In an effort to keep up the country’s medical cannabis industry momentum, Thailand plans to allow citizens to grow and sell up to six cannabis plants to supply the country’s medical marijuana market. Under its current cannabis laws, recreational users and growers could face up to 10 years in prison plus exorbitant fines for violating the law.
Thailand made history last year when it became the first Southeast Asian country to legalize medical marijuana use and production. Despite its progressive stance on medical marijuana, Thailand has some of the harshest penalties for possession or cultivation. The proposed new cultivation law could be a boon for individuals and the country as a whole.
Home Growing Allowed
Health minister Anutin Charnvirakul is part of Thailand’s current ruling party, the Bhumjaithai Party, which began its four-year term in July 2019. From the beginning, they’ve been championing for medical marijuana reform to provide more medical access to patients and allow citizens to grow it on their own.
Back in September 2019, Charnvirakul teased details of a new medical marijuana proposal when he said, “in the future, families will be able to plant cannabis trees in their back gardens like any other herb.” On Wednesday, Nov. 13, Charnvirakul proposed a draft law that would allow citizens to grow their own medical supply, support the medical market, and earn them income.
During a speech announcing the proposal in Bangkok, Charnvirakul said, “we are in the process of changing laws to freely allow the medical use of marijuana. We have high confidence that marijuana will be among the major agricultural products for Thai households. We are speeding up the law changes. But there is a process to it.”
Growing and Selling Plants
While the proposed home cultivation laws open up a world of possibilities and increase access to medicinal cannabis for Thai citizens, they must also adapt to producing medical-grade cannabis. Thailand’s medical cannabis supply requires proper growing and a solid understanding of cannabis cultivation to grow healthy plants with heavy trichome coverage.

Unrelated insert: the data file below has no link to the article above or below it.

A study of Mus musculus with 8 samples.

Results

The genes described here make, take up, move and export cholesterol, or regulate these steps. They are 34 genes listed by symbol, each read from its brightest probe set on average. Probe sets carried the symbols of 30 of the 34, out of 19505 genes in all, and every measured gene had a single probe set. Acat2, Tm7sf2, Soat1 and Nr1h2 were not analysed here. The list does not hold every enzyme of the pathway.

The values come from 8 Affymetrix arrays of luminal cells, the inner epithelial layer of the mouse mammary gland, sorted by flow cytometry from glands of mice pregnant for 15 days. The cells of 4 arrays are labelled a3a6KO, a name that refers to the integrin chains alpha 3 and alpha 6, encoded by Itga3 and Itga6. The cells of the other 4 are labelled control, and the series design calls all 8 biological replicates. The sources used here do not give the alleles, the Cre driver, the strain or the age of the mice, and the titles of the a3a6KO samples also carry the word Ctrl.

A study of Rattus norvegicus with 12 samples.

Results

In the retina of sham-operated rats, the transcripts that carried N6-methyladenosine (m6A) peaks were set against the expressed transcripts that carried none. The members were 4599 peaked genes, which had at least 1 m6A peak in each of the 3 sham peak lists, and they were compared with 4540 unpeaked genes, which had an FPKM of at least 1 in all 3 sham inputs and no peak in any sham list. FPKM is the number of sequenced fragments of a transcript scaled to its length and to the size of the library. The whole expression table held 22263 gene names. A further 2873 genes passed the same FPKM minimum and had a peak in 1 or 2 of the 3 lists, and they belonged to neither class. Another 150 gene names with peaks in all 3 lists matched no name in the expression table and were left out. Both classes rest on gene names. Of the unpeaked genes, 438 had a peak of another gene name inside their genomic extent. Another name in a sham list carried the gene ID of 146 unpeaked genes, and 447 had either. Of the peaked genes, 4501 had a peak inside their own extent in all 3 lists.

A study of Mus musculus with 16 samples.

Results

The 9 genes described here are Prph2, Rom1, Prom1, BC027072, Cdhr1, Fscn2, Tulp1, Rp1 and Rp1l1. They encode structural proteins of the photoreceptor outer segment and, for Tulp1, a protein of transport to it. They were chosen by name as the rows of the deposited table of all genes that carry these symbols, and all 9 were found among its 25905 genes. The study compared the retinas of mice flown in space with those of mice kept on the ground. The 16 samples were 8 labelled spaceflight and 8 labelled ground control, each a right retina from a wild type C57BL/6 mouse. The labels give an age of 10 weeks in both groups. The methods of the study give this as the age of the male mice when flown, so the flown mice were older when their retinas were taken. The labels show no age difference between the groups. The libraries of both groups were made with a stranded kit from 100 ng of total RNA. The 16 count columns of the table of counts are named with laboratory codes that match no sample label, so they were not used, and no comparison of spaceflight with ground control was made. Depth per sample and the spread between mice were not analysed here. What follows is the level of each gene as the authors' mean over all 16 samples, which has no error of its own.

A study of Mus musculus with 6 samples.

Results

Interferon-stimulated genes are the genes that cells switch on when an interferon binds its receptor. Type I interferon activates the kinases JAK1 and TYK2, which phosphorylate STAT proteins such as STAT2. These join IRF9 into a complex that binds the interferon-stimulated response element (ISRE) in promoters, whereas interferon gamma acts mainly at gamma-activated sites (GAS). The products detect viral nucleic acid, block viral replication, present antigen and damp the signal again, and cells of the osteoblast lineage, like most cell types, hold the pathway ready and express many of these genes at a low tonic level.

Key party member Supachai Jaisamut told Reuters that citizens could grow and sell their medical-grade plants to the proposed Plant-based Drug Institute. The Institute would be able to buy, extract, and export CBD products. The home cultivation law may be passed in about six months, at the earliest, when the parliament begins again.
Health Minister Charnvirakul estimated that each mature, medical-grade cannabis plant could potentially be sold to the government for $2,225. If a home grower sold all six plants, they could earn $13,350. The average Thai citizen’s salary is about $8,200 per year. Serious cultivators could supplement their income and help shape the future of the country’s industry.
Medicinal use of cannabis has been a tradition in Thailand for centuries. Kitty Chopaka, chief marketing officer for the Highland Network, told High Times that “for centuries, farmers would go out to the field, they would use kratom, by chewing the kratom leaves. Then they’d go home and smoke a bong. They’d smoke so that they could eat, relax, and then go to sleep. And then do that same thing all over again.”
Thailand has been ramping up its medical cannabis industry in order to compete with other major rising power players in North America and beyond. In August, the government distributed the first batch of medical marijuana, which included 10,000 bottles of medical cannabis oil to about 4,000 patients.
Signaling a serious commitment to medical cannabis production, Thailand built the largest medical marijuana facility in Southeast Asia. This Chiang Mai university/cultivation facility has about 12,000 plants under cultivation. The Maejo University facility plans to harvest the flowers within six months of its September planting.
The large-scale growing operation plans to produce about one million bottles of CBD oil. Each bottle would contain five milliliters of CBD oil. Maejo University has also developed a unique marijuana strain called “Issara” (independence) with a 1:1 cannabinoid ratio. The university plans to develop other strains with varying THC:CBD ratios to treat specific illnesses and symptoms.
World Ganja Festival
The medical cannabis industry in Thailand expects even more growth next year when they plan to host the inaugural World Ganja Festival. The festival would take place in late January and early February. The historic event is set to include educational seminars, networking opportunities, and technological developments.
Thai citizens are optimistic about Thailand’s growing medical cannabis market. The ruling party has a pro-legalization stance, but significant reform is expected to take more than the party’s four-year term. As Thai growers continue to perfect their cultivation techniques and grow new and exotic strains, they can take advantage of the increased medical and financial opportunities.